Walking among graves (with just a touch of Whitman)

After my walk yesterday to the old haunts near the Tobacco Factory where, until the end of last year, we spent our civilized, productive days in an office on the ground floor—bonjour, Andrew, ça va bien?—I was tempted to rewrite it in the form of a political fable.

I had, as raw material, those motorists whose IQ plummets by forty points when they get behind the wheel; the cats sauntering across roads, taking appalling risks for no good reason; and . . . luckily, I resisted the temptation.

Path

Today, I walk via Baked (for a dark rye loaf) up the Wells Road to the extraordinary Arnos Vale cemetery, 45 acres, established in the year of Queen Victoria’s accession (its first burial two years later), the birdsong practically deafening on some of the innumerable leafy paths that lead off in all directions from the paved road that runs through it. You can spend quite some time here and will find yourself walking slowly, however briskly you set out. . .

https://arnosvale.org.uk/

Grass_Graves

Cemetery grass brings to mind—not every mind, I grant you—what is, I think, one of the finest images in Whitman’s Song of Myself: ‘And now it seems to me the beautiful uncut hair of graves.’[1]

Leaves of Grass. I consider, briefly, the oddness of that title. We speak of blades of grass, usually, not leaves. Still, the reader’s attention is constantly directed to the leaf as single sheet of paper, or thickness of paper, the page of a book; and precious metals beaten thin, gold leaf and silver leaf: these uses are often highlighted or implied. Perhaps the main force of the title, though, is to collapse those assumed barriers between poet and reader, the world inside and outside the book, either the actual barriers (print, physical distance) or metaphorical ones (conventional roles of reader and writer, of literature itself):

Come closer to me,
Push close my lovers and take the best I possess,
Yield closer and closer and give me the best you possess.

This is unfinished business with me. . . how is it with you?
I was chilled with the cold types and cylinder and wet paper between us.[2]

The repetitions, the lengthening lines, the insistent murmuring of sibilants in those lines mime a rising erotic excitement. This is not a genteel, decorous reading, turning the pages in the library. This is a physical embrace.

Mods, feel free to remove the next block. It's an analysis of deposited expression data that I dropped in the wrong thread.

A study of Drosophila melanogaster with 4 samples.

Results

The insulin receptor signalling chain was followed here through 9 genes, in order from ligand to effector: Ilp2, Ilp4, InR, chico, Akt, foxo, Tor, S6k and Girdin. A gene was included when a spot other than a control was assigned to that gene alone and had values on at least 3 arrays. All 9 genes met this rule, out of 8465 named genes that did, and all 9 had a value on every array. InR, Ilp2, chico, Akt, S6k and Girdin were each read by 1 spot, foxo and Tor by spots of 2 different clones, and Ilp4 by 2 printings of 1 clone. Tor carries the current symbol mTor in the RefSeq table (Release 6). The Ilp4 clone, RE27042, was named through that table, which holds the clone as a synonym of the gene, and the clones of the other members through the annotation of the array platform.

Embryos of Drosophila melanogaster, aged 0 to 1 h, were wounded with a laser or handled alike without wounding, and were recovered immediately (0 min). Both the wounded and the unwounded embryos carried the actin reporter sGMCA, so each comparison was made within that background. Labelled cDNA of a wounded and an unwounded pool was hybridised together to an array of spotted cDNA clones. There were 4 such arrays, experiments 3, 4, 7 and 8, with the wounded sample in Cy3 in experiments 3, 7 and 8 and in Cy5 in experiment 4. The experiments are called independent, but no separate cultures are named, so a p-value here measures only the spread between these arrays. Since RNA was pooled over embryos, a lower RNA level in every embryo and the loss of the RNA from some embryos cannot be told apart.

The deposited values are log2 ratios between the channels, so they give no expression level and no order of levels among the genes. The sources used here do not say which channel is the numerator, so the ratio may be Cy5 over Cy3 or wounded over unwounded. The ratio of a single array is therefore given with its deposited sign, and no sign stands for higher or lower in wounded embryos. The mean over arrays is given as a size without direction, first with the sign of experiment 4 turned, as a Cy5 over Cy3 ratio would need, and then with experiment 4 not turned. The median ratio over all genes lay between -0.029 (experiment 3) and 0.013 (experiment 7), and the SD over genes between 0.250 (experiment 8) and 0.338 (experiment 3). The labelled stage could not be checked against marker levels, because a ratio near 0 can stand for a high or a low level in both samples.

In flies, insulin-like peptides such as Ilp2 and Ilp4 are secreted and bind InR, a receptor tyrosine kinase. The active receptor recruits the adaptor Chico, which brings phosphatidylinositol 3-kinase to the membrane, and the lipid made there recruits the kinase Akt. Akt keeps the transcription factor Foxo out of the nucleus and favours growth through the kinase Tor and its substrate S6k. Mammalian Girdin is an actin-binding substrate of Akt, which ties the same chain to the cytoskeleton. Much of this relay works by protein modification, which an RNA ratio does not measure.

Sunshine_Corner

I sit at a table on the café terrace with an Americano and the sun is, briefly, so warm on my back as to be uncomfortable; but I sit long enough to read Richard Holmes’ wonderful account of the discovery of a trunk belonging to Scrope Davies, in the private deposit vault of what became Barclays Bank, left there by Davies in 1820, as he fled the country following his financial ruin. ‘Everything that Scrope valued, and much that he did not, was hurled into the trunk’ on the evening of its owner’s hurried departure. In addition to clothes, letters, a lock of hair, tailor’s bills and betting slips, there were found—when the trunk was finally opened in 1976—twenty previously unknown letters from Byron to Scrope; a notebook containing Byron’s fair copy of the third canto of Childe Harold’s Pilgrimage (which Davies should have delivered to Byron’s publisher but did not); and notebooks from the Shelley circle, containing a fair copy of Byron’s Prisoner of Chillon as well as four of Shelley’s own poems, including two unknown sonnets.[3]

One of my favourite sentences in the whole piece, in the course of Holmes’ charting the history of Number 1, Pall Mall East and the name changes of the banks that occupied it: ‘Time passed, as it does in England.’ Which word would you care to stress here?

Sidetracks

Admittedly an unrelated photograph now, since this visiting cat is glancing not at Sidetracks but at the last few pages of William Boyd’s Sweet Caress, under the mistaken impression that its previous four hundred pages can be skipped.

Cat_Reading

No reading stamina. Wrong diet, probably.

 

References

[1] Walt Whitman: The Complete Poems, edited by Francis Murphy (Harmondsworth: Penguin Books, 1986), 68.

[2] These are the opening lines of the poem—untitled, as were all the poems in the 1855 edition of Leaves of Grass—which was later called ‘A Song for Occupations’, though these lines were dropped: see Whitman: Complete Poetry and Collected Prose, edited by Justin Kaplan (New York: Library of America, 1982), 89.

[3] Richard Holmes, ‘Scrope’s Last Throw’, Sidetracks: Explorations of a Romantic Biographer (London: Harper Collins, 2000), 271-282.